What You May Be Experiencing

To be more specific, defiant behaviors aren't just yelling and screaming, they include passive defiance, nasty physical and verbal explosions, and lying and deceitfulness. By this age, children are capable of a small amount of scheming and plotting, and are aware that their behavior affects others; and they are perfectly capable of adhering to your rules.

The Passive Defiant

Procrastinating and pretending to be lost in thought (which can become so ingrained, the child actually becomes lost in thought) are two big acts of passive defiance. They're “sins of omission,” so to speak: you ask your child to brush her teeth, and twenty minutes later, she's still standing in front of the mirror with her toothbrush, though she's been capable of brushing her teeth for years. Often, she's even very sweet and apologetic about “forgetting,” or wants to tell you how she's caught up in a sophisticated fantasyland that amazes you for how creative it is. This is still defiance. If you have told your child to do something and it's not getting done although she is fully capable of doing it, she is defying you, and you must take action or it will get worse.


On the other hand, back talk, tantrums, and hitting are examples of “explosions,” and in that order escalate from least disruptive to most disruptive. Back talk is common and normal; tantrums are common and normal but should be decreasing to virtually nil during these years; hitting is unacceptable and is not normal if it happens regularly. Again, the normalcy of defiant behaviors doesn't mean that any of them should be excused or tolerated; it means that your concern as a parent should be immediate and direct rather than long-term. It means you should take swift action so that your child's behavior continues to develop normally.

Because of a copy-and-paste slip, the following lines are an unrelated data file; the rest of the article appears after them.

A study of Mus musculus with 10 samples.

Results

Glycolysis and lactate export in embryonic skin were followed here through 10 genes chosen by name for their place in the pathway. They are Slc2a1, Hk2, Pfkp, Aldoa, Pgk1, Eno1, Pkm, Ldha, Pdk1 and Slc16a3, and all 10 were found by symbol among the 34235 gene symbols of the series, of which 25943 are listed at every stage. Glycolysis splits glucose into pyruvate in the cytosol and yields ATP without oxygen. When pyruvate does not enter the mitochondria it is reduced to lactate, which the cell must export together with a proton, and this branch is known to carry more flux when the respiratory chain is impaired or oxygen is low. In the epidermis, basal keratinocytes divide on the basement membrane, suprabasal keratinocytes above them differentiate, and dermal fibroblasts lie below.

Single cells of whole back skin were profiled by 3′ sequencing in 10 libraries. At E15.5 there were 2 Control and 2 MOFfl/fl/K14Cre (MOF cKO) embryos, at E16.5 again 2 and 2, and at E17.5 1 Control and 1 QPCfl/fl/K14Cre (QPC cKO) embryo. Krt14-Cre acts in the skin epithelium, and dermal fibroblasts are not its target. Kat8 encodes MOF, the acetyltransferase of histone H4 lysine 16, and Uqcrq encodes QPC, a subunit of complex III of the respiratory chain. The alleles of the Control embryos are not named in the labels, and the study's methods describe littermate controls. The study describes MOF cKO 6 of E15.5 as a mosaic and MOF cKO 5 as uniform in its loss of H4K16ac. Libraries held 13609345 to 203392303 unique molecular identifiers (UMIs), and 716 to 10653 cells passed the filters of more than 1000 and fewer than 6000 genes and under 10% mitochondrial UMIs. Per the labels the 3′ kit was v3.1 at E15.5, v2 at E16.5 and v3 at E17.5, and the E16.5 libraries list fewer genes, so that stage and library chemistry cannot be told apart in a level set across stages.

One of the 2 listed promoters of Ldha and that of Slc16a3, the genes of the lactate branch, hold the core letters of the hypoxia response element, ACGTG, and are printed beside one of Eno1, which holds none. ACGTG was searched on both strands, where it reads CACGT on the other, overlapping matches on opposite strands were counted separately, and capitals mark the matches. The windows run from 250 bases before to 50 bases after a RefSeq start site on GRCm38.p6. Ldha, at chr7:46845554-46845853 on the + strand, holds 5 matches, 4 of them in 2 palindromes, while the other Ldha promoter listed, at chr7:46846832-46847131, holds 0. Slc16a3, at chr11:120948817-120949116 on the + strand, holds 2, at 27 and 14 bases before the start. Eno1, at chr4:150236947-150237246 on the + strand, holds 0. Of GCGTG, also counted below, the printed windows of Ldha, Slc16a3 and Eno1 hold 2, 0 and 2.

Lying and Deceitfulness

By the time a child is four years old, she's capable of the abstract thought necessary to lie, hide, or sneak something in order to extend fun or delay boring or unpleasant activities. In order to be an effective parent now and in the future, you need to foster an environment of honesty and trust starting now, so you can't tolerate lying or deceitfulness, ever.


A positive first step toward an honest environment is to read with your child a kids' book about telling the truth. This will provide a framework for future discussions on honesty, and help cement the idea over time as you incorporate the book into your child's collection.

The best way to prevent lying or deceitfulness is by helping your child stay out of trouble. When you think your child is on the cusp of a lie, step in and say, “It looks like you're feeling embarrassed/ashamed. Did you break the window/flush the toy down the toilet?” Give your child the chance to tell the truth, and reward her with hugs and encouragement when she does. Say something such as, “I know it was hard for you to tell the truth because you didn't want to get in trouble. Thank you for doing that.” If a rule has been broken, you must follow through with consequences, but you can do it with an understanding smile, and can reward the child for telling the truth once the consequences have been completed. A public recognition of the child's courage, such as telling your spouse about how brave your child was to tell the truth, is helpful. Note: this love, attention, and reward becomes invalid if your child confesses after you've handed down a consequence.